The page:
Harvest of 35 mmbf/year in Alaska's Tongass National Forest is 'unacceptable', US Sen. Murkowski tells US Forest Service chief at hearing, notes agency's 2008 land management plan projects timber sale program of up to 267 mmbf/year
April 30, 2014
– Senator Presses United States Forest Service Chief on Failure to Increase Timber Cut
Senator Lisa Murkowski today pressed U.S. Forest Service Chief Tom Tidwell on his failure to increase the amount of timber cut annually in Alaska’s Tongass National Forest.
Murkowski referred to Chief Tidwell’s appearance Wednesday before the Senate Appropriations Interior and Environment Subcommittee hearing on the Forest Service’s budget request as “Groundhog Day.”
“Because every year you commit to working with me to improve the timber sale program and permitting for other multiple-use activities on the Tongass National Forest and the next year we find ourselves having the same conversation about why things have not improved,” Murkowski told Tidwell.
Last year was not a good one for Southeast, Alaska. Region 10 was the Forest Service’s worst performing region, with the agency accomplishing just 16.8 percent of its harvest target. The agency’s 2008 land management plan for the Tongass projected an annual timber sale program of up to 267 million board feet, but only about 35 million board feet have been harvested annually over the past decade.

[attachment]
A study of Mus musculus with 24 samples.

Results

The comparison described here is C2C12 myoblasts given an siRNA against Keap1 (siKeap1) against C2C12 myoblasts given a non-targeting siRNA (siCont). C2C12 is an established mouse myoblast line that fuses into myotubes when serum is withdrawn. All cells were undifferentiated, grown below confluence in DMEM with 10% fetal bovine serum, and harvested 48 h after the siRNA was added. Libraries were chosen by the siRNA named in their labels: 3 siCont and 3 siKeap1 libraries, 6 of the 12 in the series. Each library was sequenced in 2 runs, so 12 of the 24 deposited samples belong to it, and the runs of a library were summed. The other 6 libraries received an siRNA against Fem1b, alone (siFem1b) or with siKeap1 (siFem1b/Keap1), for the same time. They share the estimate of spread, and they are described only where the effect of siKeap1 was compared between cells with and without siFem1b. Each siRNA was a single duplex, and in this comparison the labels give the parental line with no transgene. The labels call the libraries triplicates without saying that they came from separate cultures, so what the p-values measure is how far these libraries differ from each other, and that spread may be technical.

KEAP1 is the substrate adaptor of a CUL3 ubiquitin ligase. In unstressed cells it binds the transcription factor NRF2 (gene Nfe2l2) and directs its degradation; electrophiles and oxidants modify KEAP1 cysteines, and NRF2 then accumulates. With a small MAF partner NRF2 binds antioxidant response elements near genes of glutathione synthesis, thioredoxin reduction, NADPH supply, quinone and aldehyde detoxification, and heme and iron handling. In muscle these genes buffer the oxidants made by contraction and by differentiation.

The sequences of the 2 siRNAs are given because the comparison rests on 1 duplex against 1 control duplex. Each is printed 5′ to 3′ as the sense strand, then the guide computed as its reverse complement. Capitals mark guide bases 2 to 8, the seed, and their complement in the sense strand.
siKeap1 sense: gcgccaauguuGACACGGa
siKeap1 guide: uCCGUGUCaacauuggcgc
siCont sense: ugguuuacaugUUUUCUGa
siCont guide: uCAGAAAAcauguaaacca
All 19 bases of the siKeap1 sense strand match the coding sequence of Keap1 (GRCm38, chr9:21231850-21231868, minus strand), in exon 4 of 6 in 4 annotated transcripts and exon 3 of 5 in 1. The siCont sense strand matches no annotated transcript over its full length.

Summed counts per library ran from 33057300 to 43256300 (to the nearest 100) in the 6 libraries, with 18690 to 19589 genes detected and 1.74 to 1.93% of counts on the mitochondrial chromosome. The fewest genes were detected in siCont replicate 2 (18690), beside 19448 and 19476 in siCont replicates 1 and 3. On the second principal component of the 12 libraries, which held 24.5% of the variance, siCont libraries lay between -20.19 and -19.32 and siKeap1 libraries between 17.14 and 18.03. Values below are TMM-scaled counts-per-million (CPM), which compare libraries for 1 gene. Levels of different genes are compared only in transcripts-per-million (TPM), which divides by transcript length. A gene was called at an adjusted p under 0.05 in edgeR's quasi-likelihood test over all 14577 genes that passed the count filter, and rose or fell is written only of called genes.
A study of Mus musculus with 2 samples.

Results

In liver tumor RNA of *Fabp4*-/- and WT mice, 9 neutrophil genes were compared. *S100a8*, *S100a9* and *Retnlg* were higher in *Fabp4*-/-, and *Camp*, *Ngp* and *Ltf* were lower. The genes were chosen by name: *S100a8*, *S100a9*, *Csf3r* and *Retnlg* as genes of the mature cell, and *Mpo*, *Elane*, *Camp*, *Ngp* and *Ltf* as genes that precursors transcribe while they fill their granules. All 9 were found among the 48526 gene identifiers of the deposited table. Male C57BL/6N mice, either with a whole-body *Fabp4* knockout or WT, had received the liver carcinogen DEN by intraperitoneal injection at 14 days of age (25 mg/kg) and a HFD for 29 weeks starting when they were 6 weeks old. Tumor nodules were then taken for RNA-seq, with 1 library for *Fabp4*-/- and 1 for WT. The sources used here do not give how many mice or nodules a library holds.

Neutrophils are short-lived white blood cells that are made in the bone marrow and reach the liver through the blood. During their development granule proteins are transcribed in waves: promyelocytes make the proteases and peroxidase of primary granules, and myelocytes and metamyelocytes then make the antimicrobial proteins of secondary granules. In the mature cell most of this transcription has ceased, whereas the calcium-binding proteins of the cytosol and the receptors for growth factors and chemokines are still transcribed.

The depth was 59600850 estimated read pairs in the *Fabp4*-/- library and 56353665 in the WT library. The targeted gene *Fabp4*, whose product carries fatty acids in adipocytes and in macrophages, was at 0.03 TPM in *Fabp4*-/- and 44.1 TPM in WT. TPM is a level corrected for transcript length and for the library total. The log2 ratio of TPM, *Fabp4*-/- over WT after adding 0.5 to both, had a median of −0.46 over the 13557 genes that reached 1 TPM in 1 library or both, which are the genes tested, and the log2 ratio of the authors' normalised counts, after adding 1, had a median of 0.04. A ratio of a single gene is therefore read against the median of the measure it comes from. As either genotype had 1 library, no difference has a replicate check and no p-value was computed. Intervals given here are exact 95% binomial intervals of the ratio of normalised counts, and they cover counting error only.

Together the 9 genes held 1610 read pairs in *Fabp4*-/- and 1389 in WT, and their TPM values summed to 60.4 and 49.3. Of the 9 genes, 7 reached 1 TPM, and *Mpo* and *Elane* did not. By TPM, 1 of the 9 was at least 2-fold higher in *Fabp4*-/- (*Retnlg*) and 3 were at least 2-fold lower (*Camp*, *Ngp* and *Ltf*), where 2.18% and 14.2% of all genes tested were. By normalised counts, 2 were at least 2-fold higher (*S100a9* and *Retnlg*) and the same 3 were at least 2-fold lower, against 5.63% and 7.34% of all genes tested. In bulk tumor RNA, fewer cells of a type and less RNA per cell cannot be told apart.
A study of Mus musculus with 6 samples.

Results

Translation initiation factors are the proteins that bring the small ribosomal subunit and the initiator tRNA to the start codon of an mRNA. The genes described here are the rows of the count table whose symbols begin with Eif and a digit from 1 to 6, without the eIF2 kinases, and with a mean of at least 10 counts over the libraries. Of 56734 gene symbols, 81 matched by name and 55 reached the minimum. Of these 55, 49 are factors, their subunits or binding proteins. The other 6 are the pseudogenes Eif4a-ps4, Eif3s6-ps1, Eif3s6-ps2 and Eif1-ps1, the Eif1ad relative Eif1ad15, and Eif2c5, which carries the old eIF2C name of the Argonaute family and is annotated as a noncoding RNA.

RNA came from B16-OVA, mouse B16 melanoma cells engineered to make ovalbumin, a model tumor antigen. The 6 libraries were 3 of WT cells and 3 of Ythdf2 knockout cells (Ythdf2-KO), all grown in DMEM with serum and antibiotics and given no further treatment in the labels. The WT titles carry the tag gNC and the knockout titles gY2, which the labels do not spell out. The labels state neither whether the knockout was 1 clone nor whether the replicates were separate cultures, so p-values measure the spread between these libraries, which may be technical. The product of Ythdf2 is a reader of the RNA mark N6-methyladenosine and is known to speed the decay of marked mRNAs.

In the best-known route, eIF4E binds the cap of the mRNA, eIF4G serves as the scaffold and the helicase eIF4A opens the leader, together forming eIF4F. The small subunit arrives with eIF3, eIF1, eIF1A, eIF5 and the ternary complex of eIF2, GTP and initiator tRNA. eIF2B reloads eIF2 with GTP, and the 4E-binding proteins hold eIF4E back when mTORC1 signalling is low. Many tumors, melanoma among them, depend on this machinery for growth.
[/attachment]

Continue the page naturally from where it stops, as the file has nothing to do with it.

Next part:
“A harvest of 35 million board feet annually is unacceptable,” Murkowski said. “Despite repeated pledges from the Forest Service to increase timber harvest levels, we continue to see a steady march toward losing what remains of the timber industry in Southeast.”
Murkowski said the lack of available timber and the ongoing uncertainty over harvest levels in the Tongass were the principle barriers to job creation in Southeast, Alaska.
“Most of the mills that were operating in Southeast have closed due to a lack of timber supply. Energy projects that could really help provide some economic opportunity continue to be tied up in red tape due to federal government one-size-fits-all policies, like the roadless rule,” Murkowski told Tidwell. “You saw the situation on the ground with me last August. You assured us that we would see more opportunity and flexibility exercised, so that we could turn the corner and reenergize the economy of Southeast. Well, I am still waiting.”
The one large timber sale that had been promised by the Forest Service – the Big Thorne sale – was put on hold for further analysis back in September, leaving the region woefully short of making its target.
“Delay of the Big Thorne sale has left what remains of the timber industry struggling to hang on as it once again faces a period of constrained supply and uncertainty,” Murkowski said. “I continue to try to look on the positive side for hopeful signs that we might turn the corner, but each time we seem to hit a roadblock.”